Jesse Thomas Cook’s SEPTIC MAN, available this week on VOD and iTunes, announces its intention to be repulsive right from the opening scene, in which a young woman vomits profusely in a dimly-lit, refuse-drenched bathroom that makes the one from TRAINSPOTTING look like something out of “Lifestyles of the Rich and Famous.” It’s not particularly shocking that a movie called SEPTIC MAN would be pretty revolting, but it’s a bit of a tease – the character depicted appears nowhere else in the film, and I could easily be convinced that it was a scene added after the rest of the film had been shot, just to have a memorable opening moment. At least it gets your attention!
Collinwood, the town at the center of SEPTIC MAN, has a water problem even bigger than Toledo’s. It seems their water supply has been contaminated by “cryptosporidium, e. coli and cholera” and the whole town is being evacuated because of it, much to the chagrin of the mayor (the ever-welcome Stephen McHattie) who appears in interstitial segments throughout the film and mostly seems concerned about himself.
Their apparent savior comes in the form of sewage worker Jack (Jason David Brown), who is approached by company man Phil Prosser (an excellent Julian Richings, who has the face and manner of a great character actor) with the offer of $200,000 to check into the contamination while the rest of the town clears out. Having a pregnant wife at home (“I bet she smells shit every time you two fuck,” deadpans Prosser), Jack accepts, even if his wife (Molly Dunsworth) doesn’t like the idea at all and makes her way out of town.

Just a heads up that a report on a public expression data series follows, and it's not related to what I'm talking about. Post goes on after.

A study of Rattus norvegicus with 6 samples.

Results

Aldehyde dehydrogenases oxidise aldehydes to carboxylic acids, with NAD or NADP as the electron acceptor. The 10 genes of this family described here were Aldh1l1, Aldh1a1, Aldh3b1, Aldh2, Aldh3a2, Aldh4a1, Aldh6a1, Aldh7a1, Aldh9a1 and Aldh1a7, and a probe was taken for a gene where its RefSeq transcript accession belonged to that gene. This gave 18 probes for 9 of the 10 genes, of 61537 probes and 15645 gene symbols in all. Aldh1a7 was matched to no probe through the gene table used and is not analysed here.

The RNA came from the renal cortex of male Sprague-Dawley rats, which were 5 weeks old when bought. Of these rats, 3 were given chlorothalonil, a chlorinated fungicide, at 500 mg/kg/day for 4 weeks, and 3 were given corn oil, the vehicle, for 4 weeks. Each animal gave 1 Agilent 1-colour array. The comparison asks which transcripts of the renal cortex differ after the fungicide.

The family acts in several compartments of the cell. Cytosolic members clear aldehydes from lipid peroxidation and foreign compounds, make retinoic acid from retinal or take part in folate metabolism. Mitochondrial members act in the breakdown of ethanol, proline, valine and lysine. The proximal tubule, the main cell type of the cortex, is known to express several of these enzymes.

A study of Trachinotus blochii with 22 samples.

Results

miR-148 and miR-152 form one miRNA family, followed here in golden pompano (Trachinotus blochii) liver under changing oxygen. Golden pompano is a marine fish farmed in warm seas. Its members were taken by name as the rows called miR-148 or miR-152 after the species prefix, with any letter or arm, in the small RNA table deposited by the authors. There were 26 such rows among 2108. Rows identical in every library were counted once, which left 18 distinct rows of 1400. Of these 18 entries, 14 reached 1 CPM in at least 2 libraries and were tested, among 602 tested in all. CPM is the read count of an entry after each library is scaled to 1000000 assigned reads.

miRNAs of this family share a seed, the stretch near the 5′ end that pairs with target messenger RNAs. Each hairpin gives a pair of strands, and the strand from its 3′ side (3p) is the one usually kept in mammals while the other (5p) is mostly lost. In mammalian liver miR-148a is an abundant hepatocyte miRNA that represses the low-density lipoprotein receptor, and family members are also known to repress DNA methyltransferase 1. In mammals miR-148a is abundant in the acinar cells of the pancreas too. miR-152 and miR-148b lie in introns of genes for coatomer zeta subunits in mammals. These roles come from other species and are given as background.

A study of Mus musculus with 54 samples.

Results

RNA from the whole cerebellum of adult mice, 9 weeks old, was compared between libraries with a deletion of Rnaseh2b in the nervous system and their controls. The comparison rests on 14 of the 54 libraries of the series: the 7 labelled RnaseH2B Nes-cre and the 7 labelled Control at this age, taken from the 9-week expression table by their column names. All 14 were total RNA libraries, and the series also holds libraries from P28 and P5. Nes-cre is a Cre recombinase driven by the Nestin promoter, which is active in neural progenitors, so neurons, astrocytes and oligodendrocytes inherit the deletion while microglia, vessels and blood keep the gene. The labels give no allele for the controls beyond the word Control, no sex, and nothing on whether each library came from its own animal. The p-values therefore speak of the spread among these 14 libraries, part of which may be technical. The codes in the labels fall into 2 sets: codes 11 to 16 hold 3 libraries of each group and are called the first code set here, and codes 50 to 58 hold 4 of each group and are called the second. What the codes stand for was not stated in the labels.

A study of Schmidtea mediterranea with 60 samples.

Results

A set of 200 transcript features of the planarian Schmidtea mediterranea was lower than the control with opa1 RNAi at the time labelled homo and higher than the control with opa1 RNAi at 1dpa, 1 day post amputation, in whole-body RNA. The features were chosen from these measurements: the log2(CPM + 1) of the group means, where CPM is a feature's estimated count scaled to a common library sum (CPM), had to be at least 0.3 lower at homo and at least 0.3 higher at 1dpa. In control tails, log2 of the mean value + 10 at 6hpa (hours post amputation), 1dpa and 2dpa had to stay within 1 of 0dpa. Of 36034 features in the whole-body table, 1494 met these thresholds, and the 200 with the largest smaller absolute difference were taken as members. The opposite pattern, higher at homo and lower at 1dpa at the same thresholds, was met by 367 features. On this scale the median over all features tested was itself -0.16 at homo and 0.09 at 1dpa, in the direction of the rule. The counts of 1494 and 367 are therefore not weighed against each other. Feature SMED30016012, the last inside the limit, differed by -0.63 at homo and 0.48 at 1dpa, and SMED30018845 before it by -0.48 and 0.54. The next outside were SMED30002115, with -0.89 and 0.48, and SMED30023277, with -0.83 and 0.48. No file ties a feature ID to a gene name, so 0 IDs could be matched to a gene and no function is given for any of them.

Jack soon fixes the problem, but finds himself trapped in a septic tank — an impressively revolting one that appears to be a dumping ground for dead bodies. He soon finds that he’s not alone, as a pair of brothers, the pointy-toothed Lord Auch (Tim Burd) and a soft-spoken giant (former WWF wrestler Robert Maillet, also in the director’s MONSTERS BRAWL) are also in the area. Meanwhile, the effects of being around such a toxic area begin to show, with Jack’s appearance slowly becoming more repulsive with some impressive gore and boils and his mind playing tricks on him as he begins to hallucinate other characters as well.
There are moments where SEPTIC MAN is certainly a bizarre treat, and Cook makes great use of the turgid locales, giving the film a gorgeously repellant look doused in a yellow akin to poorly-made split pea soup. Jack is a relatively compelling character, and the absurdist humans that inhabit the septic bowels of the city are like rejects from a particularly putrid Jeunet and Caro film, a comparison especially evident when Jack starts to hallucinate.
The problem is that it takes a while to get to this point, and it’s a bit of a sewer-level slog until then. The presence of McHattie’s clearly satirical mayor figure creates an idea that the film is something of a satire, and there’s certainly a good idea in the depiction of the worn-down everyman being turned into a recluse after being abandoned by those he saves without them even acknowledging his efforts, but it feels stretched out so much with footage of Jack roaming around his revolting locale that it feels strained even at a scant 83 minutes.
It’s a shame that SEPTIC MAN isn’t a short film, as a 45-minute running time would have done wonders for the premise, and probably been much more beneficial for the film’s more inventive moments. The special effects are quite good, and several sequences are impressively stomach-churning, but the screenplay by Tony Burgess (PONTYPOOL) seems absurdly protracted to reach feature length, and doesn’t have the bite or sensibility to justify its length. There are certainly good ideas in SEPTIC MAN, but not enough of them to satisfy those looking for a darkly satirical grotesque fest, and it’s a bit too slow and heady to appease splatter buffs. While certainly not equivalent to its stench-filled location, SEPTIC MAN never quite makes for a fully satisfying movement.